A goal of Hā Kūpuna is to advance knowledge on Native Hawaiian elders and to disseminate this information to improve the lives of kūpuna, their families, communities, organizations, and society.
Improving Nā Kūpuna Health: A Dissemination Model Translating Research to Practice in Native Hawaiian Communities: Over the past seven years, Ha Kūpuna has worked to gather information on the health and well‐being of kūpuna. This dissemination project, funded by the HMSA Foundation, was created to share the knowledge gained and to make our website more accessible to kūpuna and their families. We organized professional and community‐based events to share our knowledge and to find out how we can better serve our kūpuna.
Oral History Project: Ha Kūpuna researchers are working with a Native Hawaiian charter school to strengthen the connection between kūpuna and Native Hawaiian youth. As part of their Language Arts course, ka Papa Lo‘i (students) at Hālau Kū Māna developed, conducted, video‐recorded, and produced edited tapes on nā mo‘olelo of six kūpuna. Watch our website for more information.
Data Collection on the Continent: Nearly 40% of Native Hawaiians reside on the continent, and knowledge on their social and health needs is extremely limited. Ha Kūpuna researchers have begun research to better identify and understand both adversities as well as resiliencies in kūpuna who live in Los Angeles and San Diego, California.
Dementia in Native Populations. Ha Kūpuna researchers and graduate students are presently exploring prevalence and evidence‐based interventions for dementia in American Indian, Alaska Native, and Native Hawaiian
Kūpuna and `Ohana Caregiver Listening Research Study: We went to the source, and held listening meetings with kūpuna and their `ohana caregivers in Hawai`i to identify their health and long‐term care needs and care preferences. Please refer to:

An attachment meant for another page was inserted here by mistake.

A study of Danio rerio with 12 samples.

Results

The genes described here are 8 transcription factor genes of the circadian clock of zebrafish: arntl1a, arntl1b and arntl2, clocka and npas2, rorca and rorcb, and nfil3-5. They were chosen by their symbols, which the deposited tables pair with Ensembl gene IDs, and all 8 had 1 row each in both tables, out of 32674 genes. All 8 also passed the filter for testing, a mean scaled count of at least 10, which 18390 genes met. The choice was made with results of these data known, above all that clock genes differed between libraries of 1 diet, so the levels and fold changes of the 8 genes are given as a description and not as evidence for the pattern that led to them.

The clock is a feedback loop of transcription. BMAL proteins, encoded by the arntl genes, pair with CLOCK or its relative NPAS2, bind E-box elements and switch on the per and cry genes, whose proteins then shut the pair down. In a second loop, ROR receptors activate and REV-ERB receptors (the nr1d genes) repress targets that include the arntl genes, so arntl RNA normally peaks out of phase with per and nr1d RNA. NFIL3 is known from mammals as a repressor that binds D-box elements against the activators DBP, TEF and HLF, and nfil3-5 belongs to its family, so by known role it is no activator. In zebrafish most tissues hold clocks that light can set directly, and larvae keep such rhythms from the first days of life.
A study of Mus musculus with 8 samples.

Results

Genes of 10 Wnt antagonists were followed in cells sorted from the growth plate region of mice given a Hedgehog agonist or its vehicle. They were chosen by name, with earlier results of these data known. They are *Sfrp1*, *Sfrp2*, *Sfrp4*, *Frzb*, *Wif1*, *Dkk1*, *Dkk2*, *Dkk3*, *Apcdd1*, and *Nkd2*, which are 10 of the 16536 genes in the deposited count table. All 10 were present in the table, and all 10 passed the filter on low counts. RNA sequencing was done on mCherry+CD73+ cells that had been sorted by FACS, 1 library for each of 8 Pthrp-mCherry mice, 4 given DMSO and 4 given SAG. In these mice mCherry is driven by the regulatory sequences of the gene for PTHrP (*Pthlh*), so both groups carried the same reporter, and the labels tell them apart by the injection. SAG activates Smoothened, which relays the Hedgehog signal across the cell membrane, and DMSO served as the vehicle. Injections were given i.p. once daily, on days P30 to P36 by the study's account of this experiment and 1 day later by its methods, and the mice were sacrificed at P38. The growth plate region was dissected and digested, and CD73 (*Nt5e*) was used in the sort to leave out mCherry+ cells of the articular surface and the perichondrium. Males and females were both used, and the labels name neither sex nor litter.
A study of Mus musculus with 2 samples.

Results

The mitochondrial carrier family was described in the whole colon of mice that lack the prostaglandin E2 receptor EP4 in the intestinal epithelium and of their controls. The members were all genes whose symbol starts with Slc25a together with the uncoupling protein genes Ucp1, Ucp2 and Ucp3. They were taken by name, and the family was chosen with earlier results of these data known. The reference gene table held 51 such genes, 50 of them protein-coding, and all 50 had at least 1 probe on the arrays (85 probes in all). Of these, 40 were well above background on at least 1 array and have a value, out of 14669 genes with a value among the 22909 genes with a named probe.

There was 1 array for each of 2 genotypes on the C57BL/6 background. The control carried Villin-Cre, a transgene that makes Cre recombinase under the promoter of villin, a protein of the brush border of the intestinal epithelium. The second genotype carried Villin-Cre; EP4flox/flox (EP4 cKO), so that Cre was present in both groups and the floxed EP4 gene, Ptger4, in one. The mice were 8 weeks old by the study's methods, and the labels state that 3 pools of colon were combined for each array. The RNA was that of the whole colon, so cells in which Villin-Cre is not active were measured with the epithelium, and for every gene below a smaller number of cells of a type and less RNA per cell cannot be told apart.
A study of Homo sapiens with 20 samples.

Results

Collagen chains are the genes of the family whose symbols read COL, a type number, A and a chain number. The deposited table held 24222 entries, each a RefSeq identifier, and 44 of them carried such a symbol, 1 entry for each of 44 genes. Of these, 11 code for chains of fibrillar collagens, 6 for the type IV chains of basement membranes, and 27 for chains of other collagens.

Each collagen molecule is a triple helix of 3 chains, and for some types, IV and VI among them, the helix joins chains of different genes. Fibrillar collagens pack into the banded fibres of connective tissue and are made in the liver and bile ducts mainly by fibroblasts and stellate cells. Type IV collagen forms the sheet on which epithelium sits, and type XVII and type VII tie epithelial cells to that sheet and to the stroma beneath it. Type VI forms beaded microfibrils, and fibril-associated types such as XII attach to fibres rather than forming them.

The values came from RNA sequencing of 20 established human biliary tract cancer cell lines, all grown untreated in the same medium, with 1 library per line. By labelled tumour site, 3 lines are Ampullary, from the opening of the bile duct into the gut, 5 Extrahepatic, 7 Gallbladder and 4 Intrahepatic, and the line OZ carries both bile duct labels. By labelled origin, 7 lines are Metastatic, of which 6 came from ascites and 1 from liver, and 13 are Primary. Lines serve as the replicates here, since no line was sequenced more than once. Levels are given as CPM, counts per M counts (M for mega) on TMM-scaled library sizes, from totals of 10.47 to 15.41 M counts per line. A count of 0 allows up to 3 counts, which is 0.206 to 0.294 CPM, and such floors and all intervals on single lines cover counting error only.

Browne, C., Mokuau, N., Braun, K., Higuchi, P., Ka`opua, L., Kim, B.J. Listening to the voices of Native Hawaiian elders and `ohana caregivers: Discussions on aging, health, and care preferences," Journal of Cross‐Cultural Gerontology, June 2014.
Mo`elelos, Grandparents, and Culture Research Study: In Hawai`i, 12% of Native Hawaiian grandparents live with grandchildren, compared to 7% of grandparents in all races combined in the state, and to 3.6% of grandparents in the U.S. Although strong family‐centric cultural values may provide Native Hawaiian grandparents with caregiving benefits, a generally poor health profile suggests they may also face challenges. In this study, we talked to Native Hawaiian grandparents raising grandchildren about their caregiving experiences, with an aim to document their challenges and benefits, including the transmission of cultural values. Findings from this study have been submitted for publication. Watch our website for more information.